PTC acquires Onshape, ends quarter on a high note

Two companies with long histories come together for a new future.

It’s been a busy fall in the design and engineering industry, but PTC and Onshape still managed to shake up the industry. PTC announced plans to acquire Onshape for $470 in cash. PTC used its financial call to talk about the acquisition. In his opening remarks, Heppelmann said the deal is part of a “near era of Software as a Service or SaaS in the product development industry.” He noted that Onshape is really the industry’s only pure, multi-tenant SaaS platform and it is a perfect complement to the work PTC is already doing in the market with its tools for design, engineering, simulation, and PLM. In addition, PTC’s fastest growing businesses are its AR and IoT which are not only leading the market in manufacturing but helping to define it.

Onshape has been growing its base in small/medium businesses (SMBs) and it has done a remarkable job of adding features to the point that many companies are able to rely on Onshape as their main design tool. The company has said they have over 5000 customers. It’s solidly established.

This quarter, PTC is looking pretty good too. PTC has defied the lackluster forecasts for the manufacturing industry and has pulled out of 2019 with solid quarter and an income line in the black. During the company’s third quarter, CEO Jim Heppelmann seemed cautious about the rest of the year, but he was confident that the company was on the right track with good deals in the offing including an IoT go to market deal with factory automation giant Rockwell that started to pay out during the quarter.

PTC didn’t quite say we told you so, but they’re confident enough to buy OnShape, and look good enough that Onshape’s investors are going with the deal.

Jim Heppelmann told investors that they’re very happy with the deal they got. He complemented Onshape’s CEO Jon Hirschtick’s ability to negotiate a deal, but also the position that company has worked to achieve in the industry. It is competing against Autodesk’s Fusion and holding its own. Heppelmann thinks that Onshape is in a better position because it was built from the ground up. Fusion has been built from Autodesk Inventor’s technology core.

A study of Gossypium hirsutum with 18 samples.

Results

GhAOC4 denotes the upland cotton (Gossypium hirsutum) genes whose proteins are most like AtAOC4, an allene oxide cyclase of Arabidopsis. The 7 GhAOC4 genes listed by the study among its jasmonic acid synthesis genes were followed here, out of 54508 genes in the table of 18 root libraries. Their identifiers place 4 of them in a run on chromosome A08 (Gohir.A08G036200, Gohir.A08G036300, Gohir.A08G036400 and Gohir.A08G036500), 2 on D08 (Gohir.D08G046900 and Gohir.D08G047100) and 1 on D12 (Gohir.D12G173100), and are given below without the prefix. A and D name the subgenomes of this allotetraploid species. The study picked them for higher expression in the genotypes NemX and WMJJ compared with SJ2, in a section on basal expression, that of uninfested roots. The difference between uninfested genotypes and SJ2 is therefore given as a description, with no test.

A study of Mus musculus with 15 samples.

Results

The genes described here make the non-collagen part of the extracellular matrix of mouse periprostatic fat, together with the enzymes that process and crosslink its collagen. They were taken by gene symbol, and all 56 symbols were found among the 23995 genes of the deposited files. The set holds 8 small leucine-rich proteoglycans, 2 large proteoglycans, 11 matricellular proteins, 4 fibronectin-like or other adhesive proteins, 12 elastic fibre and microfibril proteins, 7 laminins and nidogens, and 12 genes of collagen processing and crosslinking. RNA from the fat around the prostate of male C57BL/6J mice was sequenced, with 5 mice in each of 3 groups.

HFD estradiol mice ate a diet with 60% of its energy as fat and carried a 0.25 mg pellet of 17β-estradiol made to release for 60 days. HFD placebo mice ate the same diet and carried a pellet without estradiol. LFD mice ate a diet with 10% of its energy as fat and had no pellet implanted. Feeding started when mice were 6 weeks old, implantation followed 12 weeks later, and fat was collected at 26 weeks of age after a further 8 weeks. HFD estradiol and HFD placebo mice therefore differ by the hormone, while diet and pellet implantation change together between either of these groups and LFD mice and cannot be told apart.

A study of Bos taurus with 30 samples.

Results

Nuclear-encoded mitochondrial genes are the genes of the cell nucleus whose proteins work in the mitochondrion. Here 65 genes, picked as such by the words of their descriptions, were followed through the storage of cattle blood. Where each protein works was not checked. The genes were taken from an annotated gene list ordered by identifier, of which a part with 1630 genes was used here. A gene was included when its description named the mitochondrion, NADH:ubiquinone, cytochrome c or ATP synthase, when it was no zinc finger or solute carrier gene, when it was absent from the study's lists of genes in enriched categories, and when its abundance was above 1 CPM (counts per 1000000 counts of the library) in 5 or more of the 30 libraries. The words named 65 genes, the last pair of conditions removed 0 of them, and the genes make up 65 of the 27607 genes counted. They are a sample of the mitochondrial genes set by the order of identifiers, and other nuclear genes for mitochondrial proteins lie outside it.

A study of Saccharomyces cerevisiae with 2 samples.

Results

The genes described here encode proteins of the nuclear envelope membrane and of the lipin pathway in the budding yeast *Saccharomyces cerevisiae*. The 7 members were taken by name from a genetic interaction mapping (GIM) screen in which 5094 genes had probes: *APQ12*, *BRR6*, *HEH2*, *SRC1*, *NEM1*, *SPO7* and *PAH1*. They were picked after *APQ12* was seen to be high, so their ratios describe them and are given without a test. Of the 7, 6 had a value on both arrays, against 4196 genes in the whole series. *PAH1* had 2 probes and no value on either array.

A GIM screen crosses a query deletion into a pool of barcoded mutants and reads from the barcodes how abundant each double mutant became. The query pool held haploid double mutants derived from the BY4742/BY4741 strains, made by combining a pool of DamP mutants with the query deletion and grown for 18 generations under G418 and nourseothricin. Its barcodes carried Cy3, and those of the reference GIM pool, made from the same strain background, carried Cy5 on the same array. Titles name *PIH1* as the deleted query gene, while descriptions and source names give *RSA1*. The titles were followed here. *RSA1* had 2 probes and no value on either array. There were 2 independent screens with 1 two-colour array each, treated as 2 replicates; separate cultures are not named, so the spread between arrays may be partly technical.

Heppelmann says he believes it makes much more sense to acquire Onshape now that the company they have fought the hard fight of getting funded, building a product, and getting into the market. He thinks it would have been a very hard thing for PTC to do internally and have it accepted and get the time a brand new product would need to find its market and acceptance.

The Onshape–PTC deal is expected to close in November. Once it does, Heppelmann says Onshape won’t be a distraction for PTC, it will be complementary, giving PTC’s customers options and the ability to move to SaaS product development.

What do we think?

We’ve been thinking all week that the dominoes are starting to fall for CAD in the cloud. That’s because we’ve been at Bentley’s Year in Infrastructure conference where the cloud is an important part of the conversation, we’ve been talking to SolidWorks, and Onshape has been issuing release after release of important features and new capabilities for data management. This is clearly a good deal for both companies. There are bits of the same DNA in both companies and their developers have gone through similar trials and evolutions. We don’t expect them to have any trouble working together and working towards a common goal. Finally, PTC’s AR and IoT tools are perfect for Onshape’s users who are driving towards digitization throughout their businesses. That’s why they adopted the cloud in the first place.

So everybody gets something they needed. PTC has an easier path to SaaS and Onshape gets a pass to IoT and AR.